Muscat de Beaumes de Venise
AC, Domaine de Beaumalric, 2017
Pale golden yellow with golden tinge. Highly fragrant bouquet of fresh grapes and Granny Smith apples. On palate this fortified wine shows a pleasantly crisp and fruity palate. Slightly honeyed, yet remains fresh in the finish.
|Origin:||Frankreich / Rhône / Muscat de Beaumes-de-Venise|
|Ripening potential:||2 to 3 years|
|Serving temperature:||10 to 12 °C|
|Food pairing suggestion:||Fruit tart, Smoked fish, Foie gras|
|Vinification:||fully destemmed, fermentation at low temperatures|
|Harvest:||hand-picking, in several rounds (tries)|
|Maturation:||in steel tank|
France – Philosophy in a bottle
According to French philosophy, wine should be an expression of the soil and climate. They use the word “terroir” to describe this. Terroir makes every wine different, and many especially good. French wine is regarded worldwide as an expression of cultural perfection. The French believe that humans are responsible for the quality of the berries, the vine variety for their character, and nature for the quantity. This philosophy can be expressed succinctly as: “the truth is the vineyard, not the man.”
Rhône: northern power, southern charm
The Rhône’s source is in Valais, and it flows into the Mediterranean 800 kilometres to the south. In the last 200 kilometres of its course, it is lined with vines which yield a range of red crus that are among the most prestigious wines in the world – for example, on the spectacular cliffs of the Hermitage Mountains, or in the gravelly terraces of Châteauneuf-du-Pape. The river valley, however, is also a rich source of characterful white wines and affordable, high-quality, everyday red wines.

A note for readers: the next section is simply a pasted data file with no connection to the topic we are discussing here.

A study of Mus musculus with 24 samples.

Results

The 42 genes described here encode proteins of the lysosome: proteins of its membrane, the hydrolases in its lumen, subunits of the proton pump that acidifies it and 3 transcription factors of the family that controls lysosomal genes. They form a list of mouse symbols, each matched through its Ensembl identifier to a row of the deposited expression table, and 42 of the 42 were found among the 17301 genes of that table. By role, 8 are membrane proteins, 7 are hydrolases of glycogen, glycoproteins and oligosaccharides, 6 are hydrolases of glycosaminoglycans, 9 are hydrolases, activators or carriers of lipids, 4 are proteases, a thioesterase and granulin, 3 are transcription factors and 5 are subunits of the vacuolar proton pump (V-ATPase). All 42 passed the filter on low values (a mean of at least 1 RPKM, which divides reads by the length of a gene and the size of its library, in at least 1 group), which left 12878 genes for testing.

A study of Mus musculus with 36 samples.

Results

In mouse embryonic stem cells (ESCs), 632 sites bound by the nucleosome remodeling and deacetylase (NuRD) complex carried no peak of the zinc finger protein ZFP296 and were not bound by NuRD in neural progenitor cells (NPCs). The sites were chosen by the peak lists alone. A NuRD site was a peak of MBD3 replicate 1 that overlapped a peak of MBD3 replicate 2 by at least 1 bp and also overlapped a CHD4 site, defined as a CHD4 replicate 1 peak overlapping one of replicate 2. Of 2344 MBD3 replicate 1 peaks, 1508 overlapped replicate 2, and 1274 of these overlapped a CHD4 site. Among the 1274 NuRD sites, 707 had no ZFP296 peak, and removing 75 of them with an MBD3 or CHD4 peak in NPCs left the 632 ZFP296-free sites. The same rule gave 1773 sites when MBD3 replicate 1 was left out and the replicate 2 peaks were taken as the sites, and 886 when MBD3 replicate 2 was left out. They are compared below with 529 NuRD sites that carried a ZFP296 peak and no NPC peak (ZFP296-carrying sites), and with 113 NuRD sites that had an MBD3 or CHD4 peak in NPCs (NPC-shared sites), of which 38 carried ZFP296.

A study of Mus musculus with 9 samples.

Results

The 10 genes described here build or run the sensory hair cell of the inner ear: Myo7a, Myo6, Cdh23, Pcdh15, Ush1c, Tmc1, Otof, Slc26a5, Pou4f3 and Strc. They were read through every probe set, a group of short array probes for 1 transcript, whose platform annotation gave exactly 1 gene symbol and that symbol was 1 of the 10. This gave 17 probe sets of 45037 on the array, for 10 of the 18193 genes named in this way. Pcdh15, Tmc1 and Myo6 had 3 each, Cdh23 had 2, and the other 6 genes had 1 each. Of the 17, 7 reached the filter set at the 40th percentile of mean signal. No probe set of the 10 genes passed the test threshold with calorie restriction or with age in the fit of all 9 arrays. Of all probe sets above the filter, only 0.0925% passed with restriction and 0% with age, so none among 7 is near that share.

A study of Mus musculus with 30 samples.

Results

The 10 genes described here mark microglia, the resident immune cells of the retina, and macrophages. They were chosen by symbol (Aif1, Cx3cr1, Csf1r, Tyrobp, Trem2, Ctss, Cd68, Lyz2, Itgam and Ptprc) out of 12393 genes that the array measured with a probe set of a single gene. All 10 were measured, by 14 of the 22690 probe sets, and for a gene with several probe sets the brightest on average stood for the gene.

A sweet family
Over 200 varieties have “Muscat” in their names, and many are completely unrelated. What they share is a fragrance of fresh grapes. Muscat owes its name to the intense aroma. It derives from the word “musk”, and appears in documents dating from 1230. The most common representative of the Muscat line is the white Muscat blanc à petits grains. In Italy, it is known as Moscato Bianco, and in Germany and Styria as Gelber Muskateller. In Switzerland it is called Muscat du Valais. Researchers largely agree that it originated in Greece, and from there found its way via Italy to southern France. When crafted with expert hands, it turns out fresh, floral and spicy with a slightly tart note. Pressing it into high quality wines is not very easy. Sweet forms have greater renown, such as Muscat de Rivesaltes and Muscat de Beaumes-de-Venise from southern France or Muscat from the Greek island of Samos.